Boxing For Fitness

For a long time, people have used the activity of boxing for fitness. To see the benefits that boxing has for our body shape and overall lean-ness, simply watch a professional boxing bout and observe the competitors lean but defined bodies (with the exception of a few obvious heavyweights).

With the variety of different boxing classes in gyms nowadays, one does not need to become a fighter to train like a fighter. There are many different types of boxing classes now which cater to the different aspects of boxing and the student can decide which aspects suit them the best.

Classes almost always offer more than one advantage, sometimes unintentionally. For instance, a student may attend a sparring class to improve their reflexes and learn to handle a stressful situation, but due to the nature of boxing (throwing lots of punches) they become tired during the class and therefore also improve their overall strength and conditioning.

Another example would be a technical boxing class where the instructor has students developing power in their punches by doing drills where the body rotates quickly. This rotating activity works the abdominal and oblique muscles allowing a boxer to be more explosive through their punches, but the activity is also giving the participants a stronger and more shredded core.

Since boxing is a vigorous activity, weight loss is frequently a by product, especially when the diet is being monitored and improved. At The Boxing Institute, we often provide a four-week beginner program in order to get new students eating and training like a fighter, without the expectation to jump in the ring any time soon.

New students can even opt to take a low or no contact approach to training by simply skipping any sparring session but partake in all other aspects of training. This no sparring approach to training obviously will not create an amateur boxer or professional boxer, but can definitely create the same body as a fighter if applied correctly. Our aim at T.B.I. is to encourage students as much as possible but not force a student to do anything that they are not comfortable with. We are about individual goals through teamwork and not about building one student up at the cost of another’s goals.

There is an endless amount of drills that a trainer can use in the sessions. Some drills are obviously targeted at students that want to learn to box, whereas other drills are more about the conditioning and fitness aspect of boxing. If a student has no interest in fighting, those sparring drills usually take place on a Wednesday, meaning that if a student wants to avoid these drills, they simply show up on any other day.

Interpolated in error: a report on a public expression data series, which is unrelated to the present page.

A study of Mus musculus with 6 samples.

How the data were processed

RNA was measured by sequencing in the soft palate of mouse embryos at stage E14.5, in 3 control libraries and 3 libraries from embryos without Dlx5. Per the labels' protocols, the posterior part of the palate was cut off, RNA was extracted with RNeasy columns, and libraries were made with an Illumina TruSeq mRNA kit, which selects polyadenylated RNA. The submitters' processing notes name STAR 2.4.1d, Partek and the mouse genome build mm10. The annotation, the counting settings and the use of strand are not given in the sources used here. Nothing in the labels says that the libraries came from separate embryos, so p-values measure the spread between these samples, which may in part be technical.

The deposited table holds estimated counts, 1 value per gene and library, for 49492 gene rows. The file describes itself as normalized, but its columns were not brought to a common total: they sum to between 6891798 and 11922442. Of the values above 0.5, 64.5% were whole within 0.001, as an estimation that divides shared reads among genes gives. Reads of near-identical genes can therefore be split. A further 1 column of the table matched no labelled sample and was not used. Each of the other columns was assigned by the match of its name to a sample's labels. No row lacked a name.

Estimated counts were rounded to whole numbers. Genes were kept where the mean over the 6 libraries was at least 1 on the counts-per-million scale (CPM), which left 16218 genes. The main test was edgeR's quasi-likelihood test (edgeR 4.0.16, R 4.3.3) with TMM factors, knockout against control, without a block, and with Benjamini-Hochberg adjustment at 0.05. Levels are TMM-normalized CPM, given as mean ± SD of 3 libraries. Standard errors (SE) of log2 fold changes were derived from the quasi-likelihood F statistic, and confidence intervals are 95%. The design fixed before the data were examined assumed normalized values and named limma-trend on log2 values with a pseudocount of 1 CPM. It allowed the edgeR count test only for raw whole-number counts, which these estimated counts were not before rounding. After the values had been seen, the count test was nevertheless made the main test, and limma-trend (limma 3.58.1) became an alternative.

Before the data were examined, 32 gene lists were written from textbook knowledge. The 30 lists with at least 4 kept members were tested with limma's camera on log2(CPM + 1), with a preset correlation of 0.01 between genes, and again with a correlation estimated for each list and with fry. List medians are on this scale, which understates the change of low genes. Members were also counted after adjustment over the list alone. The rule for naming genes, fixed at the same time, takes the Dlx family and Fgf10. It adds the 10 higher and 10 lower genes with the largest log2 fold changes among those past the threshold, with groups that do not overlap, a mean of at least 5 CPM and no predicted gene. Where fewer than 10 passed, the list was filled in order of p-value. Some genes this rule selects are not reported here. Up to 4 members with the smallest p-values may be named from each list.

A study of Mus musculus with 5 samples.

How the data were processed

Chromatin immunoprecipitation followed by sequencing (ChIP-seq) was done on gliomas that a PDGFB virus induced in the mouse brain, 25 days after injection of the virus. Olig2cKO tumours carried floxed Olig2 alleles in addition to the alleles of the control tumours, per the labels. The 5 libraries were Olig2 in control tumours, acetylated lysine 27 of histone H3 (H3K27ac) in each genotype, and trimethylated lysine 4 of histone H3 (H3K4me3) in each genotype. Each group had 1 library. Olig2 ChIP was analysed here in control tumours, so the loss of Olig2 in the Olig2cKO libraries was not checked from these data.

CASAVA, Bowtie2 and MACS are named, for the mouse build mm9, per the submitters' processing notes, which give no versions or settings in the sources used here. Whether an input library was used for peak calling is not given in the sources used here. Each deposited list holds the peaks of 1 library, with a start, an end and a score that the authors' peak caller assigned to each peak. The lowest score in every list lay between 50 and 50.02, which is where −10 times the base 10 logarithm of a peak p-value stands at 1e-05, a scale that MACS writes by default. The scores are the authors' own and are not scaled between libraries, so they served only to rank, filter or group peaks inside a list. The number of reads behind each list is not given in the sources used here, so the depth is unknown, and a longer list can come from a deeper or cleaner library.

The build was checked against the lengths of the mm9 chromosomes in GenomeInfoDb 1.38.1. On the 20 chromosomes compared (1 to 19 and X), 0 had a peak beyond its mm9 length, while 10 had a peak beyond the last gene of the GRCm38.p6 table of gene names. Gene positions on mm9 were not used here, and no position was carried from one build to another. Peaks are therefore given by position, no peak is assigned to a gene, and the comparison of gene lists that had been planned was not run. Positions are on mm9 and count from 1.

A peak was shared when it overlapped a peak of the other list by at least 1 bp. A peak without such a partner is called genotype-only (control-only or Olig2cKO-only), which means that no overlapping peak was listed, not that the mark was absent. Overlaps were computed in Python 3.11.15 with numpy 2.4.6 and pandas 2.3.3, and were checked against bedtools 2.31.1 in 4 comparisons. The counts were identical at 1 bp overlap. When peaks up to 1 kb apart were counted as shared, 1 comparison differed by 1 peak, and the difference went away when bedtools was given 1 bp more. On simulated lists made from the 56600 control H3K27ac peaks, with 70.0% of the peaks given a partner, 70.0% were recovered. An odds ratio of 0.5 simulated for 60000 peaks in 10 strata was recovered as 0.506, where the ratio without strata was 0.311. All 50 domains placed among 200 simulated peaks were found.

Pad drills have long been an essential tool for getting a student ready for a fight, but they are also a fantastic drill for Weight loss and burning calories, as the person holding the pads is able to push their partner beyond their usual limits. Often this is exactly what people need, because usually people will stop training due to feeling tired even though they still possess the energy to continue to push. This is where the best gains are made in fitness, when it gets hard!

Unfortunately, no matter how motivated a student is, without an instructor it is very difficult to learn how to fight or box correctly. This is not the case with improving fitness. An instructor is not required in order for a person to get fit or lose weight… BUT IT CAN MAKE THE PROCESS MUCH FASTER AND EASIER!

Group training in boxing can be one of the best ways to stay motivated and is an excellent way to keep students returning to classes to achieve their goals. The energy in a group setting gives classes a much more vibrant and enjoyable atmosphere than hitting the heavy bag in an empty gym, or doing pad work with a partner while no one else is around. The healthy competition between students that happens during training, motivates people to punch harder and faster. This results in the exercise being much more beneficial than the exercise that someone might have when they go to a boring gym or health club, conducting a pointless work out and leaving without ever really exerting much energy.